Katherine O'Flaherty Chopin was born February 8, 1850 in St. Louis, MO. The daughter of an Irish father and a French Creole mother, the O'Flaherty's were members of the creole social elite and were fairly well off. When Kate was very young, her father Thomas died in a work-related accident. He left behind a family of four generations of women all living in the same house. Kate was very close to her great-grandmother, Madame Charleville, who first introduced her to the world of storytelling. Madame Charleville spoke only french to Kate and told her elaborate stories.
At the age of 11, Madame Charleville died, and her half-brother George was killed while fighting in the Civil War for the Confederate side. Upset over this, Kate tore down a Union flag tied to her front porch by a Yankee soldier, earning her a reputation as the "Littlest Rebel" and becoming a local legend.
Kate studied both French and English literature in school and became an accomplished pianist. She attended many social events and became popular in high society. She was also very interested in women's suffrage, but never became active politically. At age 19, she married Oscar Chopin, a 25-year-old French-Creole businessman.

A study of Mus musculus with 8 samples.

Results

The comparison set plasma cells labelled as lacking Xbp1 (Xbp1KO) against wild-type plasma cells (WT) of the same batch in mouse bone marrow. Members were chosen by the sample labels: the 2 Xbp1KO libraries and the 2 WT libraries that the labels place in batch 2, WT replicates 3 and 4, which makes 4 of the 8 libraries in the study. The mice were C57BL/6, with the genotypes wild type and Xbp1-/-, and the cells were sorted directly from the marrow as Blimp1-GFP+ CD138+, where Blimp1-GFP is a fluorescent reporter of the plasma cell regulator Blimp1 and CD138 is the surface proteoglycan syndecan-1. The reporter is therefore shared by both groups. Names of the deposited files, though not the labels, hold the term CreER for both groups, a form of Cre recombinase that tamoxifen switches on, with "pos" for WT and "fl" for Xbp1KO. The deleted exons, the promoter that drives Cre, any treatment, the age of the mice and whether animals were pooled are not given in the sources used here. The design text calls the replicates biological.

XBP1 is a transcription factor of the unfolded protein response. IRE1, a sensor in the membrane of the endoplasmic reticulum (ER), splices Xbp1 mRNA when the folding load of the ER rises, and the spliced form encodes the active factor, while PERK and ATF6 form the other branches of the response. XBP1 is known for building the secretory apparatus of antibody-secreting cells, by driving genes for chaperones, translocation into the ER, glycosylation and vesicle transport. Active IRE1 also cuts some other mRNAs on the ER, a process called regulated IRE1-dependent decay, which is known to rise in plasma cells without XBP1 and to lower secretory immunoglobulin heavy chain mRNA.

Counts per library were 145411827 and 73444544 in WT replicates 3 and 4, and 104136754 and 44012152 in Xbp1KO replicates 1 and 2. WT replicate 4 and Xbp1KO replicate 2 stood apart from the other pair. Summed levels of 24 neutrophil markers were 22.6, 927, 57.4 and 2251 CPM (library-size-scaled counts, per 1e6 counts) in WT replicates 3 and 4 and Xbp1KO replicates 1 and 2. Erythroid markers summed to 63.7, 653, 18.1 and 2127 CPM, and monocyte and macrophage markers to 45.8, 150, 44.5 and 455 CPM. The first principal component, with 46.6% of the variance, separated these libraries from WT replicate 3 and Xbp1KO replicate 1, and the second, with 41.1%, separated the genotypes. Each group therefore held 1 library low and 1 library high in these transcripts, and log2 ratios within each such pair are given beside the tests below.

Oscar tolerated Kate's "unconventional" ways, even though relatives warned him not to. He treated Kate as an equal and did not mind that she smoked, drank, and behaved as her own person. After giving birth to six children, Kate became a widow in 1883 when her husband died of swamp fever. Oscar was a successful businessman, so Kate didn't worry about feeding her kids, she managed her husband's business for a year, then moved back to St. Louis. Her mother died the following year.
Kate began to study science, abandoned her Catholicism, started to write and publish.